Proposed census question spark controversy


However this accuracy has recently been threatened. Early February, Secretary of Commerce Wilbur Ross insisted the U.S. Census Bureau add a new question to the 2020 questionnaire asking respondents of their citizenship status.

When his request was blocked by a federal judge in the days following, Ross explained he had got the idea from the Justice Department, intending to enforce the Voting Rights Act. Though the matter lead to a mass of legal challenges and misconduct.

Further inspection revealed that this was not Ross’s own idea. He had been persuaded to make the request by Steve Bannon and adviser Kris Kobach, and later discussed the topic with Attorney General Jeff Sessions.

Judge Richard Seeborg blocked the request on the grounds that Ross had ignored federal law and denied any further justification to the case. The question has not been present on the census since 1950 and the reinstatement of it could possibly weaponize it.

According to the district judge, the question would have violated public trust and would have meant thousands if not millions would have gone unaccounted for, therefore leaving the census hindered and pointless.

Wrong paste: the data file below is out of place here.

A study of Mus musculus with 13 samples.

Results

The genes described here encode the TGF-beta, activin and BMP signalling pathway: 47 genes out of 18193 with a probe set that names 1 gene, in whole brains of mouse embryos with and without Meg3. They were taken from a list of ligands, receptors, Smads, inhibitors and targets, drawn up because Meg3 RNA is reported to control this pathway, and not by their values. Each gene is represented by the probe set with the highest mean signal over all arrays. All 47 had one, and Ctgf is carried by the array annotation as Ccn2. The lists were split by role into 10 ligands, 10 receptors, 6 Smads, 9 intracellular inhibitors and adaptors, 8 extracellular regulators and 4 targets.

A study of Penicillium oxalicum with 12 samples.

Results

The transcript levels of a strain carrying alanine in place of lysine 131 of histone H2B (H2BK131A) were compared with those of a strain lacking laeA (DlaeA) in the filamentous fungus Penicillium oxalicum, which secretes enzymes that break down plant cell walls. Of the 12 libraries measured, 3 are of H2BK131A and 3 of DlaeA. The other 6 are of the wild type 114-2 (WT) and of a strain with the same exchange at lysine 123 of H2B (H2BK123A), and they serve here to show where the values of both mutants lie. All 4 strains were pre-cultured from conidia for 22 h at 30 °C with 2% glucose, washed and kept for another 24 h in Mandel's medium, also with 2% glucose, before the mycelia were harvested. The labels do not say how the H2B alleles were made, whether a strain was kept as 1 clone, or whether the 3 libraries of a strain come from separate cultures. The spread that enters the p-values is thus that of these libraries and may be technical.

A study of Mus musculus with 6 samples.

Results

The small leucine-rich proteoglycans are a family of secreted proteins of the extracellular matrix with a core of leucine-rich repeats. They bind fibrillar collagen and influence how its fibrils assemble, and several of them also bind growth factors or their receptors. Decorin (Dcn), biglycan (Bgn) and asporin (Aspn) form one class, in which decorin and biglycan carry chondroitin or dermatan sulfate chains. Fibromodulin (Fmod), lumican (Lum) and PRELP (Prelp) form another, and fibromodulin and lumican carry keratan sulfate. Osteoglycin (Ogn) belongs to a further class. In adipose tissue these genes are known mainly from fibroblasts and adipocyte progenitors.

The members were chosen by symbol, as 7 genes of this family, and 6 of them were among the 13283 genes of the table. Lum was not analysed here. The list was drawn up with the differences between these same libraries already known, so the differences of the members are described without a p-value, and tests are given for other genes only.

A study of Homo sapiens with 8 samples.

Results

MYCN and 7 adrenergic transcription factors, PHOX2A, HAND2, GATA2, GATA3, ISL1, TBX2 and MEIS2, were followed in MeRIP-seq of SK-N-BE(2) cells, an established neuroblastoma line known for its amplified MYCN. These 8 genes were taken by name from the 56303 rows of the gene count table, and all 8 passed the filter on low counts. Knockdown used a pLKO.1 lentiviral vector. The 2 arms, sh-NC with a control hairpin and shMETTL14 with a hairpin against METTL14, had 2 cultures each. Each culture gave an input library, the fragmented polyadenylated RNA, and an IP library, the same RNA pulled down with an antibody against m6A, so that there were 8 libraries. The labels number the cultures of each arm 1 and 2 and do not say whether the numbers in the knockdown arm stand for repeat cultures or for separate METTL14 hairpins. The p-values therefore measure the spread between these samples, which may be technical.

During recent years, less and less people have been taking part in the census, and with this request, Bureau officials feared that the citizenship question could cause immigrants not to fill out the questionnaire. It was believed that undocumented immigrants would be too afraid of being deported.

Because the census is becoming more unpopular each passing year, it is more important than ever that the questionnaire is as accurate as possible. With funding at a low point, where money is placed makes a huge difference.

If minorities and immigrants feel that they cannot take part in the census, it will be inaccurate and will not benefit the people who really need it.

The decision to include the question or not will ultimately be up to the Supreme Court.